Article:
Field of Science

Botany Matters Abroad But Not in USA

Since my last entry I have traveled to Zurich and started working on a research project at the University of Zurich's botanical garden and Institute for Systematic Botany. It is quite refreshing to be working for a few weeks at a place where everyone understands plants.

This is a picture of Helleborus foetidus, the stinking hellebore. You don't plant it because it smells good, but because it makes such a nice early flowering display. This clump is along the walk up the hill to the insitute in the botanical garden.

But what stinks in the USA is that botany has been neglected and pushed aside by a human-centered, biomedical approach to studying biology. It's not that this isn't important, but biomedicine is the tail wagging the biological dog.

So, it's refreshing to go to other countries, virtually any other country than the USA, to find that botany remains a full-fledged component of the biological sciences.

Research money funneled through the NIH does support a considerable amount of very basic biological research. No problem there. And of course the NSF supports basic research, if you are doing something that fits their particular program descriptions. But the problem for plant science is that the money dispersed by the USDA does not support broad enough basic research in the plant sciences. In other words the USDA is more applied than the NIH. So it leaves a lot a plant related research out.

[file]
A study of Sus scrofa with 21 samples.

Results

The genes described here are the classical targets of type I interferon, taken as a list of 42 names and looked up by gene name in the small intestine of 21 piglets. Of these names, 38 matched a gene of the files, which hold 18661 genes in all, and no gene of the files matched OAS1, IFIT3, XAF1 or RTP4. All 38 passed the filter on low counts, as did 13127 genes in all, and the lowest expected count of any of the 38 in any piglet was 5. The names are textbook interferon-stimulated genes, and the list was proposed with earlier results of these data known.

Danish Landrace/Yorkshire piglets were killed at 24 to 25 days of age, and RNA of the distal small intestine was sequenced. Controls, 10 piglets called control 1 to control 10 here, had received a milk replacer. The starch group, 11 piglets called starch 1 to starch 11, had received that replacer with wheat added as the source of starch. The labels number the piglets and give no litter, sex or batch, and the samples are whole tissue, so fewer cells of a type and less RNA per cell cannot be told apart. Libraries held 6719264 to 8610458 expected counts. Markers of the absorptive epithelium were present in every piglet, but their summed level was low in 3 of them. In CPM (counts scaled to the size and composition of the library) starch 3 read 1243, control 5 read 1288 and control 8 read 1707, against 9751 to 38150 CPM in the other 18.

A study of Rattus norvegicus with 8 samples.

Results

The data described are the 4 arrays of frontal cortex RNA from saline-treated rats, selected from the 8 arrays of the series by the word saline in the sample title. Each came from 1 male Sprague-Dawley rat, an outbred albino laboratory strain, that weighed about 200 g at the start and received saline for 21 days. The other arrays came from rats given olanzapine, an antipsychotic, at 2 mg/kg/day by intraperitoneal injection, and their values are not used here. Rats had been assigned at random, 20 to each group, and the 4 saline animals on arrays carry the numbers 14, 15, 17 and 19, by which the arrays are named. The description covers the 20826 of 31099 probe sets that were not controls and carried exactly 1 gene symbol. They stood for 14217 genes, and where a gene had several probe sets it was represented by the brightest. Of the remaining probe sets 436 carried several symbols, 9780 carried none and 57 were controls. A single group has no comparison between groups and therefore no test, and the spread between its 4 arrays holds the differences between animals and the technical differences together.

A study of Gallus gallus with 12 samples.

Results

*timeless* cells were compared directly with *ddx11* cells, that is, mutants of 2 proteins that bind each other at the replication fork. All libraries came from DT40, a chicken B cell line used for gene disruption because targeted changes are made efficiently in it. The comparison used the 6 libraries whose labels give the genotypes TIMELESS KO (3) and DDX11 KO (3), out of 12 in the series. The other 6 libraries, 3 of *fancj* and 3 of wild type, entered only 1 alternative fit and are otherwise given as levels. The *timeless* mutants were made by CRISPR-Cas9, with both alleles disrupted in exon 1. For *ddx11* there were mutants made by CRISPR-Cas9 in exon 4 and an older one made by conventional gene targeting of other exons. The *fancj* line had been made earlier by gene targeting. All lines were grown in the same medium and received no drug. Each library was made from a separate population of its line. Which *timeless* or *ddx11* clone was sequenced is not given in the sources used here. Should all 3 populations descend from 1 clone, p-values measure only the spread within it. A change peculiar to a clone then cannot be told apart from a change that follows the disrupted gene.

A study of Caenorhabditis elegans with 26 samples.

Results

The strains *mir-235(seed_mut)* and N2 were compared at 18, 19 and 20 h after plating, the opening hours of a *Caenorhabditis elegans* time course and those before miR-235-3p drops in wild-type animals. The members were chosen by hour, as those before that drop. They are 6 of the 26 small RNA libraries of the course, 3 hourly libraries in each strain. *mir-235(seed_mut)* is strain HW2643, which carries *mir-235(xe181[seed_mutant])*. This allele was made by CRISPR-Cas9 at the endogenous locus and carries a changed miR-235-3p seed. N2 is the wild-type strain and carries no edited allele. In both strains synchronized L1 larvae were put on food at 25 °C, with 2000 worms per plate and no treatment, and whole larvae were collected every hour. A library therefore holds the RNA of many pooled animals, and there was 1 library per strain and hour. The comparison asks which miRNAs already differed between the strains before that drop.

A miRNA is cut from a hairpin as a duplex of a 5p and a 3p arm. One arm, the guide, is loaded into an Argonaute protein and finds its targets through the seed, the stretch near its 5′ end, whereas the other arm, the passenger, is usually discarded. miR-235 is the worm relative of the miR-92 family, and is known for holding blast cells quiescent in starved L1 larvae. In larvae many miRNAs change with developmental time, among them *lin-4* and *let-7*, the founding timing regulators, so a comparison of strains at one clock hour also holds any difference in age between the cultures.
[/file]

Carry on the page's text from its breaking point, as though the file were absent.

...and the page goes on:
Botany in the USA ends up like poor Oliver asking forlornly for some more. I wonder if botanists in the USA will ever discover that we are the long lost grandchild of rich benefactor who will decide to boost the standing of botany in the USA, or build my university a botanical garden and research institute. Bill? Warren? At least Lady Bird Johnson and actress Helen Hayes showed good sense when they founded the Wildflower Research Institute.